You have to admit that John Cassidy’s anti-bike lane screed is beautifully written, but it remains an odd piece of argumentation. Like a lot of transportation rhetoric on both sides, it’s decidedly either/or: Either you’re for bikes, or you’re for cars. But Cassidy’s own case contradicts that approach. He complains of “motor traffic snarled on avenues that, thanks to bike lanes, have been reduced from four lanes to three, or three to two,” which I take as a complaint about congestion. But what is he expecting to do about congestion?

There’s no further room for roads in Manhattan or its environs, but given the city’s comfort with tall buildings, there is room for more people. If each and every one of them decides to buy a car, as Cassidy has, the streets will become essentially impassable. The question, for drivers, is one of survival: How do you persuade the maximum number of New Yorkers not to drive?

The answer seems obvious: You give them other options. Bike lanes are one such option. Washington is friendly enough to bikers that, in even halfway decent weather, I tend to ride my bike into work. If biking weren’t possible, perhaps I’d purchase a parking spot downtown and drive my car. But far from that solution being a victory for other drivers, it’d be an awful defeat: The worst thing for a Beltway motorist is another Beltway motorist. On the rare occasions when I do drive to work, I am grateful for every single Washingtonian who decided to make a different choice.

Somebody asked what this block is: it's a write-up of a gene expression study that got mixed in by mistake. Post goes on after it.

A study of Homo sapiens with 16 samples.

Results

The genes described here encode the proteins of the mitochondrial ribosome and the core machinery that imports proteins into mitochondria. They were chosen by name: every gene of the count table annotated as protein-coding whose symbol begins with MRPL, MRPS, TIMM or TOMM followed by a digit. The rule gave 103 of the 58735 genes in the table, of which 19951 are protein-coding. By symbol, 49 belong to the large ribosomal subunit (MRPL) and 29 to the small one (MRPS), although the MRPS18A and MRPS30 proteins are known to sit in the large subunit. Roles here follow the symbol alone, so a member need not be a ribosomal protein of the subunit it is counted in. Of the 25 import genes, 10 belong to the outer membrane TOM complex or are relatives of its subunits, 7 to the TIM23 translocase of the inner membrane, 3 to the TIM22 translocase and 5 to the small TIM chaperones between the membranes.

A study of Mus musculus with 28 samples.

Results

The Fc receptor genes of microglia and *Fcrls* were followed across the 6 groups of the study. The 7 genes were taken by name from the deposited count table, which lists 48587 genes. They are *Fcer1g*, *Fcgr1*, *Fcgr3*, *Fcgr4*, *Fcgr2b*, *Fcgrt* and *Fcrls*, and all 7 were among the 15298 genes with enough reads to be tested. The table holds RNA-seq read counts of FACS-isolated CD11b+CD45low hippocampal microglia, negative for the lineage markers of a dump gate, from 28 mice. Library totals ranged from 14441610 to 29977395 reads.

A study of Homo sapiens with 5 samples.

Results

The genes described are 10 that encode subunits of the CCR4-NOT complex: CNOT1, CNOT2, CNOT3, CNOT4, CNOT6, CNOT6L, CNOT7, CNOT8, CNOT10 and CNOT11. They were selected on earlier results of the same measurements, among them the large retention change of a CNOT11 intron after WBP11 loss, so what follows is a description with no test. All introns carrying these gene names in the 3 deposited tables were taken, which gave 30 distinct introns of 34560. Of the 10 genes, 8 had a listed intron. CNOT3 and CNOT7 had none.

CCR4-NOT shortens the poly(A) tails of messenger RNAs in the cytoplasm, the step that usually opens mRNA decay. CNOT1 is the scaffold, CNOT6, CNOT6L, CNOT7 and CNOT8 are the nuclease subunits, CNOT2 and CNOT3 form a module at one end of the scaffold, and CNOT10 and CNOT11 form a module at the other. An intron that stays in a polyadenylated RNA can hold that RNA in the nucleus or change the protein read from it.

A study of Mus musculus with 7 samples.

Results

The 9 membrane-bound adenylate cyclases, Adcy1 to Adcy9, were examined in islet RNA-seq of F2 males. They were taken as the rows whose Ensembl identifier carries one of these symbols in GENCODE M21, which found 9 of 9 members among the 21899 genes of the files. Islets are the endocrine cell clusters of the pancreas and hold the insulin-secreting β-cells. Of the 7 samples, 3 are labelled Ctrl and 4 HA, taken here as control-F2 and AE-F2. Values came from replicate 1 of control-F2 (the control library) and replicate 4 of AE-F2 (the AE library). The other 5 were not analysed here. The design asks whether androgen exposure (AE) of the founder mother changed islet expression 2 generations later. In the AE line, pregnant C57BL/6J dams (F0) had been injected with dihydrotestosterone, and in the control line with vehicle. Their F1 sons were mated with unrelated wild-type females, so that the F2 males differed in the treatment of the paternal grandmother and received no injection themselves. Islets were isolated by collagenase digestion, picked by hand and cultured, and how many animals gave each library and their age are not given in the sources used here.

I see the Bloomberg administration’s aggressive pursuit of bike lanes and related alternatives as an almost radically pro-car position. If driving is to remain half as pleasant as Cassidy wants it to, it will only be because most New Yorkers decide against purchasing cars. And they’re only going to do that if the other options seem attractive. Early in Cassidy’s piece, he recalls his bike trips of yore, where “part of the thrill was avoiding cabs and other vehicles” and the danger left him “shaking.” That’s fine for a hobbyist, but not for a commuter. If the walk is too long, biking is too dangerous and the subways and buses are inconvenient, then cars are the final answer. That means a world in which the roads are more clogged and Cassidy spends more time in traffic. I’ve seen that future and it’s called Los Angeles. New Yorkers should want no part of it.